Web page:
The night before the typhoon in November 2013, Renato and his family had to flee their neighbourhood to find shelter in a less dangerous area. Once the storm was over it took them four days, rather than the usual half day, to return home because the river was too high to cross. "Thank goodness we were evacuated because our house had been entirely destroyed and trees had fallen all around it," says Renato. The family then had to build themselves a makeshift shelter.
Not only did Renato lose his home in the typhoon but he also lost all the equipment he needed to work as a masseur, the only source of income for his large family. During the months following the disaster the family had no income, and was dependent on the aid provided by humanitarian organisations. This meant Renato was also eligible to receive assistance from another Handicap International project, which helps provide a source of income for the poorest families whose livelihoods were destroyed by the typhoon. The financial assistance provided by the organisation allowed him to purchase equipment and re-establish his massage business.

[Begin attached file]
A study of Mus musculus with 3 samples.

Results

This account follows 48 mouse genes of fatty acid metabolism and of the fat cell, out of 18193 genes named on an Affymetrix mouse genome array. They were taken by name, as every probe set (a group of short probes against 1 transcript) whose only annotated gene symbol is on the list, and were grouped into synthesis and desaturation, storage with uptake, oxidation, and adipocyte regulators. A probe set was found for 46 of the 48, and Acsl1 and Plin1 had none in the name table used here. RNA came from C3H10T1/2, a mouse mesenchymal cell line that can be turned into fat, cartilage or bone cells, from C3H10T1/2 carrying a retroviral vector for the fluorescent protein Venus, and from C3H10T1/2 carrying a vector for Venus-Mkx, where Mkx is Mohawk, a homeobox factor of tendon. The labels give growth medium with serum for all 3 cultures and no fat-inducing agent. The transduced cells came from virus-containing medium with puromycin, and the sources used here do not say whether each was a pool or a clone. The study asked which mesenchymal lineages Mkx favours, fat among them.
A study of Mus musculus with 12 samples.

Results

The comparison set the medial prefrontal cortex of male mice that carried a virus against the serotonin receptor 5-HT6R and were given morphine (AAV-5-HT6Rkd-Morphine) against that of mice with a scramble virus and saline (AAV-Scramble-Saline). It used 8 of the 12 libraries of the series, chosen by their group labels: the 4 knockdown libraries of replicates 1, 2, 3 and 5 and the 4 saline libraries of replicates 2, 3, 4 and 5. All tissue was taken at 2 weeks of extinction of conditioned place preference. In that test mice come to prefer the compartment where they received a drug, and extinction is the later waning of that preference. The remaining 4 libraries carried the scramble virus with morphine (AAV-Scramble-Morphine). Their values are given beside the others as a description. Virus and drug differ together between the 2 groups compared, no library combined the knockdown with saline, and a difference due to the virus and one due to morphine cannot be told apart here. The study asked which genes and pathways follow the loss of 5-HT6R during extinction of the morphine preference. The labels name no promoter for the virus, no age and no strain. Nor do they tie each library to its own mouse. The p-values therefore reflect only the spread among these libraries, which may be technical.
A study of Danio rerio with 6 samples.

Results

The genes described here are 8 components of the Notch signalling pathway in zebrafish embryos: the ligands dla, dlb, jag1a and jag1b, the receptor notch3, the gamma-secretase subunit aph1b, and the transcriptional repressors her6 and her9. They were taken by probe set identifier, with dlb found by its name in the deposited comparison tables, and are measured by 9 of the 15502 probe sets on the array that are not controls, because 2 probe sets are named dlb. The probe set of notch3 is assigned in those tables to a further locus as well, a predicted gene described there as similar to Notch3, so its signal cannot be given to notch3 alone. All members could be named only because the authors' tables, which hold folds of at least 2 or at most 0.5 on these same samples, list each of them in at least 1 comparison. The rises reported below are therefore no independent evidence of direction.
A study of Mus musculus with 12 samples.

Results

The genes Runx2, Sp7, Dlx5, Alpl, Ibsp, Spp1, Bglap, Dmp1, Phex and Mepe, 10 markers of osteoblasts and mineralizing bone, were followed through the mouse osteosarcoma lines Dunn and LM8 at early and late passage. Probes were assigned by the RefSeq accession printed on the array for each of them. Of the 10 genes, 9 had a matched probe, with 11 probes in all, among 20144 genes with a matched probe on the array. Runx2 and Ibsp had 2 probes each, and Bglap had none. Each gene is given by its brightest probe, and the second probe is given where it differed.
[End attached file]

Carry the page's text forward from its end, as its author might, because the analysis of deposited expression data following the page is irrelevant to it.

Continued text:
To help with the issue of accommodation, Handicap International first provided the family with emergency supplies in the form of a tent, a hygiene kit and a cooking kit. A few months later, Renato started to rebuild his house using the means at his disposal. It was at this point that Handicap International gave him a financial allowance to buy the materials he needed to finish repairing his house.
The father of six was also given a white stick, which allowed him to get about more easily despite his visual impairment. "We are delighted with our new home; our lives are much more comfortable now," explains Renato. "We have proper walls, instead of a tarpaulin, and a roof over our heads. We don’t have to worry about trees falling on us anymore!"